Setting and managing project scope is one of the most important factors for project success. Here are three techniques that will help you be more successful.
Freeze Scope Change Requests Late in the Project
The later scope changes occur, the more they tend to impact schedule and budget. You might think that as long as the sponsor is willing to approve increases in budget and time to make the change, they should be able to do it.
This is normally true – but only up to a point. There comes a time in a project where it just doesn’t make sense to make additional scope changes. That is the time to gain a commitment for a change freeze. Not only are new changes expensive to implement, they are a distraction to the project team.
Depending on the nature of the project, this freeze is usually implemented as the team is getting ready for the “drive to implementation”. At this point, the team is focused on implementing the solution. At that point in the project, scope change requests are not only costly, but they are also very disruptive. The team can lose focus and become mentally deflated. You may find that the next time there is a “drive to implementation” the team will get sloppy and make mistakes, since this would be the second time they performed these implementation activities.
The better approach is to hold these changes on a backlog and deal with them as enhancement requests after the solution is implemented and stable.
Track Valid Change Requests that are not Approved During the Project
It is possible that the sponsor may not approve scope change requests during the project, but they may be viable requests that can be done at a later time. These types of change requests should be captured on a backlog list. After the project is completed and the solution is moved to the operations and support organization, there may be opportunities for enhancements or a Phase II project.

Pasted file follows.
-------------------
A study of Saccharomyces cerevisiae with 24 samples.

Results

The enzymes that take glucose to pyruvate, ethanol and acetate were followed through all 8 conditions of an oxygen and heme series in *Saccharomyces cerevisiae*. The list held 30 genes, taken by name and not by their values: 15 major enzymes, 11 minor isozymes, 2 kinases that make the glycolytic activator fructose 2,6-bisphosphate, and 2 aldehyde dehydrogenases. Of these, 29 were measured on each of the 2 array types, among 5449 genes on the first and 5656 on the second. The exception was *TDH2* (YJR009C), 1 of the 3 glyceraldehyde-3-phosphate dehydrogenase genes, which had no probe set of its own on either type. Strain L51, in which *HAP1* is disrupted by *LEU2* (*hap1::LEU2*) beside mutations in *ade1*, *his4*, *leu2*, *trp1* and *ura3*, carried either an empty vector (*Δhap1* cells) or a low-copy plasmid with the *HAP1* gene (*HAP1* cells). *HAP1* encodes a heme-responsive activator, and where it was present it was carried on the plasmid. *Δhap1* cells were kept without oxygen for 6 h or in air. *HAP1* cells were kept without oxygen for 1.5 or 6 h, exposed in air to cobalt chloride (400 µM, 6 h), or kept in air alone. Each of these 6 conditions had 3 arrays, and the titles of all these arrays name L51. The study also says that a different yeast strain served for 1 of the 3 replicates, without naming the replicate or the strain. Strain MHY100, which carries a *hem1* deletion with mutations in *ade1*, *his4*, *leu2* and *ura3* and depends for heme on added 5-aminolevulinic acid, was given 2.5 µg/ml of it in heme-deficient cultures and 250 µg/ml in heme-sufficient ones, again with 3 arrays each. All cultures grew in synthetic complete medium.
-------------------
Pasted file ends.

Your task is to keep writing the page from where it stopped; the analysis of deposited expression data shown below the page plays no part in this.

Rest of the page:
Do Not Use Estimating Contingency for Scope Changes
One of the steps in the estimating process is to add contingency hours, budget and schedule to reflect the level of uncertainty associated with the estimate. (For instance, if the effort hours were estimated at 5,000 hours, you might add 500 hours for contingency, which reflects a 90% confidence factor and 10% uncertainty.) Once the contingency is approved, there will be pressure on the project manager to use the contingency to absorb additional requirements. The client might say, “Why do we need to invoke scope change management for this 100 hour enhancement. You have 500 hours of contingency built into your estimate!”
The project manager must resist the temptation and the pressure. The purpose of the estimating contingency is to reflect uncertainty in the estimates. There will be plenty of opportunities to utilize the contingency when activities take longer than expected. Do not use the estimating contingency to absorb extra work.